WASHINGTON — After a technical school in Kansas pulled a commencement speech recorded by Ivanka Trump, the president’s eldest daughter, she released the speech anyway and asserted that she was the victim of “cancel culture.” But those at the school who had led the charge against her said on Sunday that they had taken a stand against something broader: the divisiveness of the administration in which Ms. Trump serves as a senior adviser.
The controversy began Thursday, when officials at Wichita State University Tech decided to cancel the airing of Ms. Trump’s prerecorded speech at the virtual ceremony, scheduled for Saturday, after students and faculty members condemned the Trump administration’s handling of protests calling for justice for George Floyd, a black man who was killed in Minneapolis after a white police officer knelt on his neck.
“In light of the social justice issues brought forth by George Floyd’s death, I understand and take responsibility that the timing of the announcement was insensitive,” Sheree Utash, the school’s president, wrote in a statement on Thursday, the same day Ms. Trump’s speech was announced. “For this, I’m sorry that was never the intent, and I want you to know I have heard you and we are responding.”
Ms. Trump’s response to the college’s decision was to release the video anyway, prompting backlash that lasted through the weekend.
“Our nation’s campuses should be bastions of free speech. Cancel culture and viewpoint discrimination are antithetical to academia,” Ms. Trump wrote on Twitter on Friday, referring to the idea of snubbing a person or an institution over actions or remarks that are considered objectionable. “Listening to one another is important now more than ever!”
Ms. Trump’s comments on cancel culture, as well as her remarks in the video — “I’ve found that my greatest personal growth has arisen from times of discomfort and uncertainty,” she said at one point — were seized upon by critics who condemned her place as a senior adviser in the administration. President Trump’s response to the protests so far has been to threaten military force and call protesters “terrorists.” By Sunday, as snippets of Ms. Trump’s speech circulated on social media, the hashtag #ByeIvanka trended on Twitter.
Jennifer Ray, an associate professor at Wichita State University, which is affiliated with Wichita State University Tech, wrote and circulated an open letter that called for pulling Ms. Trump’s speech. Ms. Ray said in an email on Sunday that she, and the school, had encountered “huge backlash” over the decision to rescind the invitation.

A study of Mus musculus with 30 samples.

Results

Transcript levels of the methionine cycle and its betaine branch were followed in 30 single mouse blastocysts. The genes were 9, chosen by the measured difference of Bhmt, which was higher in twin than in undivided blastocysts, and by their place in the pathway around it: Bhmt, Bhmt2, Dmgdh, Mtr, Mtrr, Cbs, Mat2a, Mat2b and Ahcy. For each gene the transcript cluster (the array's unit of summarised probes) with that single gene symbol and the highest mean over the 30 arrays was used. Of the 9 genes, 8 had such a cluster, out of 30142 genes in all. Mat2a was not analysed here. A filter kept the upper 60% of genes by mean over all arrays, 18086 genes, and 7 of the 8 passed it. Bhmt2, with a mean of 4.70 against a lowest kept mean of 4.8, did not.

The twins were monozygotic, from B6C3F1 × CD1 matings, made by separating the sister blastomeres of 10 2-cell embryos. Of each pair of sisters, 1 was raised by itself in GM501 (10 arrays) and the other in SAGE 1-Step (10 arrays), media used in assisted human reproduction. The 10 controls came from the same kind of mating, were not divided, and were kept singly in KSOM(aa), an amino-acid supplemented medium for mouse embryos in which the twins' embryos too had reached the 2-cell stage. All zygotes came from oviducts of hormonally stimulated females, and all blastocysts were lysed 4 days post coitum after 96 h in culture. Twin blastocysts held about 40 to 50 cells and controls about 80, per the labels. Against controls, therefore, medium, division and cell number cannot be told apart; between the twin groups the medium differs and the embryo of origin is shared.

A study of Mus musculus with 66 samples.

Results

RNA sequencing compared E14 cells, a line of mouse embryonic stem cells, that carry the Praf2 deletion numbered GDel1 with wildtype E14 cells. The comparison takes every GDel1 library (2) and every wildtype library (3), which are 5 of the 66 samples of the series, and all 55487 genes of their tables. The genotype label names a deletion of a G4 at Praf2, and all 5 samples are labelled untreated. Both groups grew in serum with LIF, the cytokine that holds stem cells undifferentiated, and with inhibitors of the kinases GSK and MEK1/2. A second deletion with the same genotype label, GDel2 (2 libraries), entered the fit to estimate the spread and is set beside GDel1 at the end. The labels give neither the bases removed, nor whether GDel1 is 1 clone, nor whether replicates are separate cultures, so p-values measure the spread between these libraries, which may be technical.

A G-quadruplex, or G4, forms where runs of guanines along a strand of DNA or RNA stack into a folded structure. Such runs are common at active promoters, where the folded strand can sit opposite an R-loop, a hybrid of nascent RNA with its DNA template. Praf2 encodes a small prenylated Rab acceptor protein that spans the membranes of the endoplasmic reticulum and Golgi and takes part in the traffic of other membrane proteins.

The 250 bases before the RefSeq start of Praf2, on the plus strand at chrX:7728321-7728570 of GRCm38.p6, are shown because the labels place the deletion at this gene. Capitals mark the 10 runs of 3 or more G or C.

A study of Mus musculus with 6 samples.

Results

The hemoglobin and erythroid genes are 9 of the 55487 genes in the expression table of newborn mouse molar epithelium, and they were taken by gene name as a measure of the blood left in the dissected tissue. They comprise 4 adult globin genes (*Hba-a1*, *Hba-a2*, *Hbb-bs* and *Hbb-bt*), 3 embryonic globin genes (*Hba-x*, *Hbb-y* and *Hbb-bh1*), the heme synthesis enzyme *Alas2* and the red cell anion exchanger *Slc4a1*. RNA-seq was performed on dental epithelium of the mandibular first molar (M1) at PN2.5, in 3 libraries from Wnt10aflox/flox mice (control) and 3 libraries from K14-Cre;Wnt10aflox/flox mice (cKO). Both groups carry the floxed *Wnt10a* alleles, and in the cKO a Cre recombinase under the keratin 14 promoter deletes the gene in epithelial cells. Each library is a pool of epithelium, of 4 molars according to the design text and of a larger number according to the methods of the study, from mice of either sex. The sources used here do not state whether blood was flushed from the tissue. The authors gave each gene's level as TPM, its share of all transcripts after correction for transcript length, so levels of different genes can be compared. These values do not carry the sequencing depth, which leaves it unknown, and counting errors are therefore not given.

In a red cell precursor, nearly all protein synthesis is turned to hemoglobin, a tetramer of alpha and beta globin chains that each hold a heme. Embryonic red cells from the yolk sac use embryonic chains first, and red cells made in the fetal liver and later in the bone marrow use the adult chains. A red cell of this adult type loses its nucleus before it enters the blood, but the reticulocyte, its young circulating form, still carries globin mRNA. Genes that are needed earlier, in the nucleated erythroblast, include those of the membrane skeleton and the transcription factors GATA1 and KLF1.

“The Wichita community at large stands against the divisiveness spurred on by this administration,” Ms. Ray said. She disagreed that Ms. Trump’s First Amendment rights had been violated.
“Students were able to watch the address as an optional part of the commencement materials, and Ivanka was able to get her message out to the world through her own platform,” Ms. Ray wrote. “Our administrators made a brave decision to stand on the side of inclusiveness and solidarity.”
The White House and its allies defended Ms. Trump’s credentials to deliver the speech.
Secretary of State Mike Pompeo said in a statement on Sunday that Wichita State had missed a “rare opportunity” to showcase the school, adding that “the losers here are freedom of thought, the students and the central idea of universities as places of tolerance and learning.”
Ms. Trump has been by her father’s side throughout a week of unrest in Washington. Last Monday, Ms. Trump appeared with her father at St. John’s, a church near the White House that had been damaged by fire during a protest the night before. Law enforcement officers quickly cleared protesters from the area with riot control methods, including the use of chemical irritants, so Mr. Trump could pose with a Bible. Ms. Trump had urged her father to make the visit.
She has publicly voiced sympathy for Mr. Floyd’s family, writing on Twitter that “justice is how we heal.” But her speech, prerecorded in mid-May and largely focused on students graduating during the coronavirus pandemic, was not modified after Mr. Floyd’s death on May 25.
“You are a wartime graduate,” Ms. Trump said to students in the video, noting that their training prepared them “for exactly this moment.”
This year, Ms. Trump publicly transitioned to her father’s style of Republicanism, a signature tenet of which is the belief that conservatives are victims of discrimination. She was once viewed as a moderate who could mediate Mr. Trump on issues like climate change and parental leave, but in recent months she has made her stance clearer.
“I am a proud Trump Republican,” Ms. Trump said in an interview with The New York Times in March, discussing her political evolution and the role her father played in it. “I believe he’s broadened the reach of the Republican Party, which is really important to me.”